Russian Billionaire Pumpyansky Blasts EU Bans as Political Hostage-Taking



The family are “no more than collateral damage in the conflict between Russia and the EU,” they are “mere hostages of EU foreign policy,” Gabriel Lansky, a lawyer for Pumpyansky and his wife, said in the EU General Court, in the first of dozens of public appeals involving wealthy Russians and sanctions.

The EU has sanctioned almost 1,500 people and 207 entities since Russia’s attacks on Ukraine, starting with its annexation of Crimea in 2014 and followed by its invasion of Ukraine in February last year. Dozens of Russian billionaires, including Roman Abramovich, and family members flocked to the bloc’s courts in Luxembourg in an attempt to extricate themselves from the list and have their funds unfrozen.

Rich Russians Seek to Defy Long Odds in EU Sanctions Fights

Pumpyansky, founder of the nation’s biggest steel pipemaker TMK PJSC, was added to the EU list in March 2022, for his role in a major Russian company and for being among 36 businesspeople who met with Putin to discuss the impact of the sanctions, according to the EU. The sanctions decision was renewed last month.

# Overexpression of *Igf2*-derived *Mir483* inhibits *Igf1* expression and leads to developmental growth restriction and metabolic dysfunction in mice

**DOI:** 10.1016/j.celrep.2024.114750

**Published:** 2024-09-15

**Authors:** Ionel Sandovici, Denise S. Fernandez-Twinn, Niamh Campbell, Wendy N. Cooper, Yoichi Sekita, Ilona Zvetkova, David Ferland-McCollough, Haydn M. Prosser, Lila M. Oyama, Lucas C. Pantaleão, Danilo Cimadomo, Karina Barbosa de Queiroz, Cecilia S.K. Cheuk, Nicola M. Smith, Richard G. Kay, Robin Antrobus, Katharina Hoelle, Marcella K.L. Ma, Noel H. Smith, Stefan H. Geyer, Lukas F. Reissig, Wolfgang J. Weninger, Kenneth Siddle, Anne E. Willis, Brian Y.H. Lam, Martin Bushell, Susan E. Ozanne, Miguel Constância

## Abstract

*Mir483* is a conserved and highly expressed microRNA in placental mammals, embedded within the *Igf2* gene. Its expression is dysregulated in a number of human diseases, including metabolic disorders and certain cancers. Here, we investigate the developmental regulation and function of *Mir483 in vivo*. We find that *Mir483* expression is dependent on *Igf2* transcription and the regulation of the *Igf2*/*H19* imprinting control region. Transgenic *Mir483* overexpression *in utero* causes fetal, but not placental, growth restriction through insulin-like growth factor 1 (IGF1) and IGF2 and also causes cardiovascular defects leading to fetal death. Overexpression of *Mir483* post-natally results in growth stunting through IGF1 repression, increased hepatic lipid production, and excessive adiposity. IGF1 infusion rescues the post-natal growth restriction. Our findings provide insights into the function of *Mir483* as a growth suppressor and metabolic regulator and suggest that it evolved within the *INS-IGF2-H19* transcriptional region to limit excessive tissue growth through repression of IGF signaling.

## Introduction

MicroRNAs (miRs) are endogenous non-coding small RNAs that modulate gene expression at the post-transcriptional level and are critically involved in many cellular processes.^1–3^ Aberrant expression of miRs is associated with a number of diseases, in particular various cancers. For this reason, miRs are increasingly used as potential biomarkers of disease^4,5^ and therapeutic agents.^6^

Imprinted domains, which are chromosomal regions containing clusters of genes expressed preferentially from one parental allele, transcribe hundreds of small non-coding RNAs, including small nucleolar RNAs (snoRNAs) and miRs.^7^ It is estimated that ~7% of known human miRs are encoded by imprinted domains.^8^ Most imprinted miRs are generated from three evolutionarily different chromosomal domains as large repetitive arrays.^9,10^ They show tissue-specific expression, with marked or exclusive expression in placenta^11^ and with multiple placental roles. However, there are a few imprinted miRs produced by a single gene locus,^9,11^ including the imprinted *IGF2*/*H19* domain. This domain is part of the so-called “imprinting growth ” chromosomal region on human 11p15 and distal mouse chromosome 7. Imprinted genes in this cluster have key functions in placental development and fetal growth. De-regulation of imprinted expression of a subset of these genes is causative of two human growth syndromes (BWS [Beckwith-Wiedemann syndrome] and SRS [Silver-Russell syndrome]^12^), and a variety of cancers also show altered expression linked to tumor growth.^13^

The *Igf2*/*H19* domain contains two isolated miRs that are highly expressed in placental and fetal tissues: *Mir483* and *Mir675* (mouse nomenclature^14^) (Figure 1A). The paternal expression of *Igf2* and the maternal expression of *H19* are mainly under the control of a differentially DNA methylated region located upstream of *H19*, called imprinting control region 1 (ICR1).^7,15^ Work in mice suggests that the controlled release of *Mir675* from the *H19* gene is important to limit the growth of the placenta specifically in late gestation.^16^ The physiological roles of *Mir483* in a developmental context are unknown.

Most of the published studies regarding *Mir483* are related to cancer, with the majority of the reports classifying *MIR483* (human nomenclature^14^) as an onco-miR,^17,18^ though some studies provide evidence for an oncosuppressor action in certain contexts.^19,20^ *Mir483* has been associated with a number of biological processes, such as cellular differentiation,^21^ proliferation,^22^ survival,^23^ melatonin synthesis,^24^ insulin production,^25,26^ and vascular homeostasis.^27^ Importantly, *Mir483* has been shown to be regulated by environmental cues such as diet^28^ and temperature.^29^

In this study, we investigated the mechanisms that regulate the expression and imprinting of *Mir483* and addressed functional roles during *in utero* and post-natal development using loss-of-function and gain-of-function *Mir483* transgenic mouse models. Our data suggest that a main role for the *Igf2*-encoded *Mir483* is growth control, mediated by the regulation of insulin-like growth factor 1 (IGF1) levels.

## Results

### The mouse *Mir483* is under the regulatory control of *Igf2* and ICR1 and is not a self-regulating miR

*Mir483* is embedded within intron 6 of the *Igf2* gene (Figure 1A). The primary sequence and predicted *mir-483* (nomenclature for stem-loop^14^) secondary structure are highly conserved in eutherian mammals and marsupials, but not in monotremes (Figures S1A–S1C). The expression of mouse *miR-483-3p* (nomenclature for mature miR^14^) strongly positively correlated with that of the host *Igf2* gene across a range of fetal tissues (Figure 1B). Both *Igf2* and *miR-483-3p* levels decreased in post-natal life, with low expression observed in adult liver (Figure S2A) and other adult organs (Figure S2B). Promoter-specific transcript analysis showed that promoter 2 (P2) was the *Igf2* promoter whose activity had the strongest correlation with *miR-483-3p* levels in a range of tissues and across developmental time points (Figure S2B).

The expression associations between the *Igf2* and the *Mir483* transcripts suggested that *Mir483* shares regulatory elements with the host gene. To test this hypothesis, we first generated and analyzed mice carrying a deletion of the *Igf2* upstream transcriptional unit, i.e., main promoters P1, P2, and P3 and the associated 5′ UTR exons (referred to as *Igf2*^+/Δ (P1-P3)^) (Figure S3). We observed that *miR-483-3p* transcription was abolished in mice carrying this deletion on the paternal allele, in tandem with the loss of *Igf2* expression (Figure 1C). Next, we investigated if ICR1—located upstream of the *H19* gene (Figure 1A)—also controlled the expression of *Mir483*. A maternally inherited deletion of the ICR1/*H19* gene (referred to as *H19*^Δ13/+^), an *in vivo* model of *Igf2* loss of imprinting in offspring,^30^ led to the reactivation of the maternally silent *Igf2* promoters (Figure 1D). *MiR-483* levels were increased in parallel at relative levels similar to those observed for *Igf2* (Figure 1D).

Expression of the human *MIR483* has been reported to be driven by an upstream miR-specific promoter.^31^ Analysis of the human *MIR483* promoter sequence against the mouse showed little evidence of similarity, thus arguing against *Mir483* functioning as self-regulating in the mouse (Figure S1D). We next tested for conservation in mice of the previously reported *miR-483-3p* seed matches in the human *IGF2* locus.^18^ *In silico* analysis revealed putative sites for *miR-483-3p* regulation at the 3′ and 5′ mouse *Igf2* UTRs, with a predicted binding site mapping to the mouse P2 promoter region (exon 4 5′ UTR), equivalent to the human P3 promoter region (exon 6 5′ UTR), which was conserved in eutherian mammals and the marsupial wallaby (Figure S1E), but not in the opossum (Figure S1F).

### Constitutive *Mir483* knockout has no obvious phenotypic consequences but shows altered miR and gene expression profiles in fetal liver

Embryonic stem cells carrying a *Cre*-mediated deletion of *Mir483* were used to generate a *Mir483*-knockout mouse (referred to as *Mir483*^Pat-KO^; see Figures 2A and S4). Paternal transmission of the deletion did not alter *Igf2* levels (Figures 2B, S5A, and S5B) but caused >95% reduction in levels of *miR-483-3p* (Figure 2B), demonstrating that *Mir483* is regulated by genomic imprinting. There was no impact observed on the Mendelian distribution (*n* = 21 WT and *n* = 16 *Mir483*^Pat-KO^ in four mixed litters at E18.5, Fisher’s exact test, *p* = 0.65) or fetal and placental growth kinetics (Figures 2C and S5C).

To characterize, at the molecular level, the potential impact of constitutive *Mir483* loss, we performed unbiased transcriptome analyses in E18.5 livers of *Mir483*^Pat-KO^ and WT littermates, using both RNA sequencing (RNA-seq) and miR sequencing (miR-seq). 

Pumpyansky isn’t “a Russian oligarch in any common understanding of the expression,” his lawyers said. He’s a “self-made businessmen who for many, many years successfully built a business that was also clearly in the interest of Europe.”

Like other tycoons targeted, Pumpyansky has sought to restructure his key assets. He’s offloaded his stake in TMK and left its board of directors. Pumpyansky also owned the Axioma superyacht with a 3D cinema, a two-story saloon and an aqua launch leading from the upper deck to the sea. It was sold for $37.5 million in Gibraltar last year in the first public auction of an asset seized since Russian war on Ukraine.

“Every single Russian billionaire we deal with claims that he no longer owns the companies that he previously owned and he divested from his property just in time when the restrictive measures were imposed,” said Bart Driessen, a lawyer for the EU Council.

“In all these cases, billionaires continue to enjoy the economic benefits of ownership even if on paper,” they had lost formal ownership, he said.

The cases are: T-291/22, Pumpyanskiy v. Council, T-272/22, Pumpyanskaya v. Council, T-291/22, Pumpyanskiy v. Council.